Westpac strengthens safeguards against abusive messages via payments
By Edil Corneille
Australian bank Westpac has announced new measures to make digital banking safer for customers, including giving customers the ability to report abusive messages via online and mobile banking, and blocking inappropriate language from outgoing payments.
The changes have been introduced in response to the growing issue of digital payment channels being used as alternate messaging services to send abuse and threats via the description and reference fields in payment transactions. Westpac has taken steps to protect both the sender and receiver of payments, including:
- Westpac is starting the rollout of a new tool enabling customers to report abuse and harassment received in the payment transaction description.
- Customers will be able to click a report button within Westpac’s online and mobile banking platforms to have offensive messaging flagged and sent to a dedicated team for review and action.
- During the review process, Westpac will consider further action against abuse, such as warning the customer or notifying the sender’s financial institution.
- Westpac has deployed technology to monitor outgoing payments sent through its online and mobile banking platforms, which blocks certain transactions containing inappropriate or offensive language in real-time.
- Customers will be notified if their outgoing transaction contains inappropriate language from a set list of terms and have their payment stopped. The language will need to be removed for the payment to be accepted and processed.
Westpac is also conducting advanced data analysis for both inbound and outbound payments to help detect more subtle threats and patterns of abuse in messages. If abusive behaviour is identified, it will be escalated to the support team for response.
Customers not acting in line with Westpac’s policy for acceptable behaviour will be warned and if necessary, exited from the bank.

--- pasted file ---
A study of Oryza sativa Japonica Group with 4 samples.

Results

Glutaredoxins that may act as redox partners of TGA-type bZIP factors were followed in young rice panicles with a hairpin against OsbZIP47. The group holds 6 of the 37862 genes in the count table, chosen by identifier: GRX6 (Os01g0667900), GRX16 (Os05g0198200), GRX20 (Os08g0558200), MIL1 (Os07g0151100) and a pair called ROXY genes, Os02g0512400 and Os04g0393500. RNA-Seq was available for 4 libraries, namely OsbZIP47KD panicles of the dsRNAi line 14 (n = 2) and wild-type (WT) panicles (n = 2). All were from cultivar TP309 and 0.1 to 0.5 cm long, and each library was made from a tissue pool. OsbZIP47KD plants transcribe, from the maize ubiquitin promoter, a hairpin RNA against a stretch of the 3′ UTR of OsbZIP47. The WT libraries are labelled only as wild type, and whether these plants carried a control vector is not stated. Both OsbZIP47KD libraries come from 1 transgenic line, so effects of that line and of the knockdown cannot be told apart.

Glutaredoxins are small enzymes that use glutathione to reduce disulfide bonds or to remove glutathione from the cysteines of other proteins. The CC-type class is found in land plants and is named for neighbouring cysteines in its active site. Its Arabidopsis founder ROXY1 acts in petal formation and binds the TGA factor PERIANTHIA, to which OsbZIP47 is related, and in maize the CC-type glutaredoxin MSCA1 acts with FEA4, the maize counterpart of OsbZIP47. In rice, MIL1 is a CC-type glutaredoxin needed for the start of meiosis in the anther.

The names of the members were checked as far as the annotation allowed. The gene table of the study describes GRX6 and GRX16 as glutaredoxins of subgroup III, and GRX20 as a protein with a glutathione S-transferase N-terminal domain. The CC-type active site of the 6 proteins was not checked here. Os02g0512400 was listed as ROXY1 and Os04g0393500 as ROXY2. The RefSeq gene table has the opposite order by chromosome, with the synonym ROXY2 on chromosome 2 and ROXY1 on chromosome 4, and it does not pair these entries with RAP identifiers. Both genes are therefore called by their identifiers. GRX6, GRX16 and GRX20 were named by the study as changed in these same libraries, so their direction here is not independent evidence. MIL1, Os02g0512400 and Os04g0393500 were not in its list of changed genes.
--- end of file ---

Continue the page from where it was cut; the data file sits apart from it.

“It’s shocking that individuals are using real-time payment transactions to harass and threaten others, often circumventing blocks on other channels like SMS and social media to reach the recipient,” Westpac General Manager Customer Solutions, Lisa Pogonoski, said.
“In the past few months, we have detected more than 2,500 transactions containing terms that could be considered inappropriate, ranging from swear words through to domestic violence threats. These were often on low value amounts, with some individuals repeatedly targeted.
“We want to create a safer digital banking experience for our customers and send a clear signal that abusive messages in payment transactions will not be tolerated.
“While the vast majority of customers use our platforms respectfully, these steps will help provide more protection for customers sending and receiving payments through our online and mobile banking channels,” she said.
“The new self-reporting feature will give our customers a tool at their fingertips to flag abuse and threats received via payment transactions. We have established a dedicated team to review these messages, provide confidential support, and take action against abuse…”
Westpac research shows that one in two (51%) Australians have received some form of online abuse, including via email, mobile and social media channels. One in four (26%) admit to having used some form of inappropriate language in payment transactions.
Westpac’s keyword detection technology for outgoing payments is now up and running for customers. The self-reporting feature will be rolled out across online and mobile banking channels in the coming weeks following the initial customer pilot.